Curtin students learn how oil and gas well drilling is supported by real time technology

Miri – 13 April 2011 – 31 Electrical and Computer Engineering students of Curtin University, Sarawak Malaysia (Curtin Sarawak) accompanied by three lecturers visited Shell’s Sarawak Real Time Operations Center (RTOC) in Lutong recently.

The accreditation and industrial relations coordinator of Curtin Sarawak’s Department of Electrical and Computer Engineering, Tiong Teck Chai, said such visits are an essential part of the university’s Bachelor of Engineering (Electrical and Computer Engineering) programme’s curriculum.

“Such field trips to industries in the area not only complement curriculum studies in the classroom, they allow the students to interact with and acquire first-hand knowledge from industry professionals, thus enjoying a most effective and fulfilling learning experience” he said.

According to Tiong, Curtin is a forward-looking, international, research-focused and teaching university committed to excellence and innovation. As Curtin’s largest international campus, Curtin Sarawak reflects those characteristics in every way.

“Besides conducting leading-edge research that ultilise some of the most advanced technologies in the world, we combine theory with practical study and challenge traditional boundaries of learning to create graduates who are professionally competent and job-ready,” Tiong added.

Marconi Sim, RTOC coordinator and Halliburton Eurasia Pacific Real Time Operation regional manager, was on hand to receive the students. He briefed them on how the RTOC is jointly operated by Shell and Halliburton in Miri, the Shell Exploration and Production Asia regional operations being headquartered here.

“The RTOC was set up here to support oil and gas well drilling in Malaysia, the Philippines, China, Australia and New Zealand with real time technology. The centre can significantly improve oil and gas well delivery process in reducing non-productive time and eliminating invisible lost time,” said Sim, who happens to be an alumni of Curtin Sarawak and Curtin University in Perth.

Sim went on to explain that the RTOC provides services like collaborative well planning, predictive modeling, drill string analysis and 24/7 monitoring.  Well planning uses 2D and 3D software to provide visualisation on subsurface, drilling data and well trajectories.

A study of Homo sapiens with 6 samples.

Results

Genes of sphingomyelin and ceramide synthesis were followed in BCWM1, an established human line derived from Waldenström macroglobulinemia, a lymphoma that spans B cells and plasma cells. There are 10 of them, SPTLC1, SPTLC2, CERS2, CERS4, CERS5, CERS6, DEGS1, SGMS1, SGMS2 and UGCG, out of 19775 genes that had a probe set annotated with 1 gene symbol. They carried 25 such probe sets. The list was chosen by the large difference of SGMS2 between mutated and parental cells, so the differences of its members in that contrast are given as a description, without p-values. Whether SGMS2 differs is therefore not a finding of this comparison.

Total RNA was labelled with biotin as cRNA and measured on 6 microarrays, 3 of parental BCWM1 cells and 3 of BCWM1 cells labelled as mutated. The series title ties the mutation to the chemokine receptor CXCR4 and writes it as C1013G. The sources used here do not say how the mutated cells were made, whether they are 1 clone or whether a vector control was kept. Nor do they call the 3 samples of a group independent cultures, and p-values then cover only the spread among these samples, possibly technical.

The students were most intrigued with how the RTOC facilitates collaboration in well planning and decision-making among engineers, geologists and geophysicists. Drilling engineers and an Advance Drilling Technical (ADT) team then create predictive engineering models prior to drilling events, including torque and drag, hookloads, bottom hole assembly (BHA) and hydraulics management and other means to improve drilling performance.

They also learned that, through remote monitoring drilling operations in real time complemented with 3D capabilities, surface parameter and Measurement While Drilling or Logging While Drilling (MWD/LWD) information, operators at the RTOC are able to react quickly to downhole conditions. The operators can immediately follow the defined communication protocol such as advising rig crews of changes in drilling parameters to minimise vibration and optimise drilling efficiency.

“The visit was a great experience. Besides learning about the all the latest technology used, we learned about the critical role the RTOC plays in enabling wells to be delivered safely under time and under budget, and hence profitably, to Shell. I also got to know more about job prospects in oil and gas industry,” said student Raguwaran Maniam.

The head of the Department of Electrical and Computer Engineering, Associate Professor Dr. Ashutosh Kumar Singh, meanwhile remarked that, among other things, such field trips help to form strategic links between academia and industry and his department will continue to find opportunities for similar visits both within and outside Miri.

“It is one thing to learn about the most advanced technologies in the classroom, but it is a whole new experience seeing such technology being used in the real world. We want to give our students that benefit so that when they graduate and start working, they will be well versed with what’s happening in their chosen industries,” he said.

Students in the RTOC’s Advanced Collaboration Room.

Observing RTOC operators remote monitoring well drilling in soundproofed room.

RTOC operators remote monitoring well drilling around the clock.

Lecturers and students with RTOC coordinator Marconi Sim (front row, 4th from right).